Scourge of N.O. public boards sues over Kenner arrest and coffee scalding

Sandra Wheeler Hester, whose fiery tirades at — and occasional police escorts from — public meetings in New Orleans helped earn her the nickname “18 Wheeler,” has sued Café du Monde and the Kenner Police Department.

The suit stems from a March 2013 incident in which Hester claims employees at the Williams Boulevard coffee shop responded to her being scalded by a cup of coffee by calling the police, who then took her into custody without giving her proper medical attention.

Hester alleges two officers tightly handcuffed her burned wrist and, while escorting her out of the building, ignored her pleas that she couldn’t keep up with them due to a previous leg injury, causing her to fall. She also alleges she was threatened with a stun gun if she didn’t walk faster.

The suit, filed in state District Court in Gretna, seeks unspecified damages for medical expenses and pain and suffering from second-degree burns to her arm, false arrest, mental anguish and defamation of character. It also names H.N. Fernandez Inc., Essex Insurance Co., Kenner police Officer Keith Spears and an unknown female officer as defendants.

Hester said Thursday that she bought a plastic mug full of coffee, which spilled as she tried to set her tray on the table. Because the lid wasn’t fastened properly, she said, the coffee spilled on her hand, her arm and her dress.

Hester said that as she screamed in pain and employees came to deal with the spill, a man she said had his back turned when the coffee spilled accused her of faking the accident.

The man was white, and Hester is black, and she said the accusation was inherently racist.

Besides, Hester said, she could have bought a much cheaper cup of coffee had she intended only to scam the coffee shop.

“I could have done the same thing with a $2 cup of coffee,” she said, adding she also would not have worn her new dress, which she said she hasn’t washed since the incident.

Hester said the pain was excruciating. “I could feel the layers of my skin peeling and blistering,” she said.

Hester said she called 911 and the man went outside. When two Kenner police officers arrived with EMS, they spoke to him for several minutes before coming into the coffee shop, she said.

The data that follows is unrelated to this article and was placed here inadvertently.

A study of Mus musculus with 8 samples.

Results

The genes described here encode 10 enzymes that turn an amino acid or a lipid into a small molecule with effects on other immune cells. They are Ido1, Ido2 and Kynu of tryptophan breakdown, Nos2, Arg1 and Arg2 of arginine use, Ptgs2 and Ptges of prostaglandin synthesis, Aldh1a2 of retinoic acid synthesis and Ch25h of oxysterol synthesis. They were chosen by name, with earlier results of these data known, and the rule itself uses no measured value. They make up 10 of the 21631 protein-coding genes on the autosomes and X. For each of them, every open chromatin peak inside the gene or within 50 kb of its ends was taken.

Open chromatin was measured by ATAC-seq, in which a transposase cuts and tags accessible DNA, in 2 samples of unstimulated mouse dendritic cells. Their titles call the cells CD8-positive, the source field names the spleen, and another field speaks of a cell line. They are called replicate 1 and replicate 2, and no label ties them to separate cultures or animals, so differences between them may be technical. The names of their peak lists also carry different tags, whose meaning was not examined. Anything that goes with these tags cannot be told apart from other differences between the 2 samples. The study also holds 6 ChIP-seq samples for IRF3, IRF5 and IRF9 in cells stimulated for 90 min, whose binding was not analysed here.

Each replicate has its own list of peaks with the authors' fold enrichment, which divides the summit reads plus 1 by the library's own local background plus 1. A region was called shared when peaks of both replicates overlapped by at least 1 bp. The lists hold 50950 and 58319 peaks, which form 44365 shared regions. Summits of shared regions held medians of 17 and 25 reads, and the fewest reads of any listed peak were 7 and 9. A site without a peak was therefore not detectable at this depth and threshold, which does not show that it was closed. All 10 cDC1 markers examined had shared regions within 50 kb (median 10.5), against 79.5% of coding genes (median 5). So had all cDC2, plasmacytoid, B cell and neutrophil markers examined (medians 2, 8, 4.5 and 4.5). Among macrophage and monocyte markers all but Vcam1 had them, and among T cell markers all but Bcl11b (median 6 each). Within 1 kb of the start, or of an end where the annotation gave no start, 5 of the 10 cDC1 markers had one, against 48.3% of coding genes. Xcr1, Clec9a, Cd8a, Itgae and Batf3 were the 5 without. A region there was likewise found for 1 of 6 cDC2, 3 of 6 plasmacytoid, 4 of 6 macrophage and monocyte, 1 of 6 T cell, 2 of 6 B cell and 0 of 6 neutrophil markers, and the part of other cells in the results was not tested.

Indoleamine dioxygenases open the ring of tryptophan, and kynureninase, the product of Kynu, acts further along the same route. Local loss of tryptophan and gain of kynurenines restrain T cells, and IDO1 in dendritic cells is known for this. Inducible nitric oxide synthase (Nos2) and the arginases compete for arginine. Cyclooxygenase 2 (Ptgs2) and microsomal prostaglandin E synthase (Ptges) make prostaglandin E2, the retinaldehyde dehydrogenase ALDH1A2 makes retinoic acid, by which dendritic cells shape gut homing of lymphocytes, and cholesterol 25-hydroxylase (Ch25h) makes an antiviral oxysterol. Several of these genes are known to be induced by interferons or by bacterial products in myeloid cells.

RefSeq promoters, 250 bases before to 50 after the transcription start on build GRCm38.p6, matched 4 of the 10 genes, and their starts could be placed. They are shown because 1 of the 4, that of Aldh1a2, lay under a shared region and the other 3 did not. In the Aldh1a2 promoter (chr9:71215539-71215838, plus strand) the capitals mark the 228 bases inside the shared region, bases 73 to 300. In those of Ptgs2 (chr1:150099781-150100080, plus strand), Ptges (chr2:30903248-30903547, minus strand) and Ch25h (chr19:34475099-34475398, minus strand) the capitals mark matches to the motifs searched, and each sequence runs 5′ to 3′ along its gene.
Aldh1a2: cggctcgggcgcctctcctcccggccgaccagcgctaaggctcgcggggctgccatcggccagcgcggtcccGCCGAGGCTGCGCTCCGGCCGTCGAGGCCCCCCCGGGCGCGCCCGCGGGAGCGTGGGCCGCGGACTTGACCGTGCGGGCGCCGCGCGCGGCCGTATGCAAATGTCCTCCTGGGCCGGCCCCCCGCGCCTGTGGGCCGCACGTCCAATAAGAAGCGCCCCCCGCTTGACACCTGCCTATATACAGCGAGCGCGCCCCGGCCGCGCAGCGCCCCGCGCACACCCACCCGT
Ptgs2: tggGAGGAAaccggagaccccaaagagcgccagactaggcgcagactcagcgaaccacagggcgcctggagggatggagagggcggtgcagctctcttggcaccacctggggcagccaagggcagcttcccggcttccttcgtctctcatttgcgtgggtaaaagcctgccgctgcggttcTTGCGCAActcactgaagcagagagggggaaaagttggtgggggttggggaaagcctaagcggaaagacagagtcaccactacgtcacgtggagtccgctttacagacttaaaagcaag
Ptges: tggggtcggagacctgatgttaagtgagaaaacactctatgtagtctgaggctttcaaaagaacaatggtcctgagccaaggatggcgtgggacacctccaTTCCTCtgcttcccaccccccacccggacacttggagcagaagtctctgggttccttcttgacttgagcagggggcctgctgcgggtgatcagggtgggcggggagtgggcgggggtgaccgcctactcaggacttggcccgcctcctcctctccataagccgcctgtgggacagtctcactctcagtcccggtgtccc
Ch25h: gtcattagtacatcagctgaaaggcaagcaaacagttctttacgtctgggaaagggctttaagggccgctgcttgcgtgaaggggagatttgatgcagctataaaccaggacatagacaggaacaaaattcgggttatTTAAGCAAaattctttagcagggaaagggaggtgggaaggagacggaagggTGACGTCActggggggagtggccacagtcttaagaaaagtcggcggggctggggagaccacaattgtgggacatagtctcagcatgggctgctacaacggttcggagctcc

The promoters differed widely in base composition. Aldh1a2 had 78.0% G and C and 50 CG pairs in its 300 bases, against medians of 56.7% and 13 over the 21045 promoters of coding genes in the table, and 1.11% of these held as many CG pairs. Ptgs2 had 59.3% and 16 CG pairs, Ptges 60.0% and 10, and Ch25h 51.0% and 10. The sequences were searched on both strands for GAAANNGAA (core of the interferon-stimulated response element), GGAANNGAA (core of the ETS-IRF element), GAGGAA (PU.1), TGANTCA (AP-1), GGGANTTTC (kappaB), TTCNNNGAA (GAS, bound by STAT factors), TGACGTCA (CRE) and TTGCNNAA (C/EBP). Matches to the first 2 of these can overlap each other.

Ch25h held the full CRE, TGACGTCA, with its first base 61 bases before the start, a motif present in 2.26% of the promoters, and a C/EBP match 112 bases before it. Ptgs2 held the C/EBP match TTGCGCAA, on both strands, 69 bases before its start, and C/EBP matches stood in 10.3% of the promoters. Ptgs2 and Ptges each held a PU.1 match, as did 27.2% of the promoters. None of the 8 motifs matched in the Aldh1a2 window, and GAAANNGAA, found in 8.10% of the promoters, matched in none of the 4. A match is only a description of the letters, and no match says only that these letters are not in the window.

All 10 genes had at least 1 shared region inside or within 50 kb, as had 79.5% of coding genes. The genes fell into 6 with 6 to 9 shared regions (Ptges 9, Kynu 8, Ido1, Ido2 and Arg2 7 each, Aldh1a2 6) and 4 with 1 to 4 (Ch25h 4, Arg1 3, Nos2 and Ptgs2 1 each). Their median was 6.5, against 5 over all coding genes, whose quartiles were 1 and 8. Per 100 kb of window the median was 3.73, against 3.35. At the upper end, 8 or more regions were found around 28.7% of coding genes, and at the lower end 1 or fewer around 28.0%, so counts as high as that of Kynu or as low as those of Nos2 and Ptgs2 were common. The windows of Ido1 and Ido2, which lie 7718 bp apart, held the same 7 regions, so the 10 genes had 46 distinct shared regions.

By the time they came inside, Hester — angry that they were outside talking to someone else while she sat inside in need of treatment — told the officers she didn’t want to talk to them.

She said she knew they would by now be predisposed to thinking she had done something wrong, and her refusal to talk to them quickly led to her arrest.

Hester said she was in jail for about three hours and did not receive medical treatment despite several requests. She then went to a hospital and was treated, she said.

Hester said the incident — from the man in the coffee shop’s assumption that a black woman who burned herself was just “some Negro trying to get over” to what she saw as a presumption of guilt — reflects the prevalence of racism in America.

“If there’s a white person involved and a black person involved, the black person is going to jail no matter what,” she said. “If I had been an old white lady, that old white lady never would have gone to jail, period.”

A Kenner Police Department spokesman said he would have to look into the details of the case before commenting.

Burt Benrud, vice president of Café du Monde, said he could not comment.

Hester’s account of the incident in a telephone interview Thursday featured some of the elements for which she has become known. She was at times combative, at times conciliatory, occasionally profane and always direct.

She made a name for herself early in the last decade with her freewheeling public-access television show “The Hester Report,” where she would highlight videos of her tirades against elected officials at public meetings.

The Orleans Parish School Board was a frequent target. According to reports at the time, Hester referred to board member Jimmy Fahrenholtz as “Jimmy Farenhonky,” and one show featured an illustration of board members as boils on her rear end.

She embraced her nickname, “18 Wheeler.”

After evacuating to Missouri during Hurricane Katrina, Hester told the paper she would not return to New Orleans, saying she was tired of being vilified, arrested and “called everything but a child of God.”

But Hester did move back, and soon she was back at the microphone at New Orleans City Council meetings.

In early 2012, the council passed two rules aimed at quelling Hester’s antics, one that banned “audible commentary” by anyone not recognized by the council chairman and another that barred moving about the chamber while videotaping the proceedings.

At an August 2012 meeting to discuss the city’s budget, Hester was escorted from the meeting by police and booked for disturbing the peace after cursing at audience members, some of whom were booing her.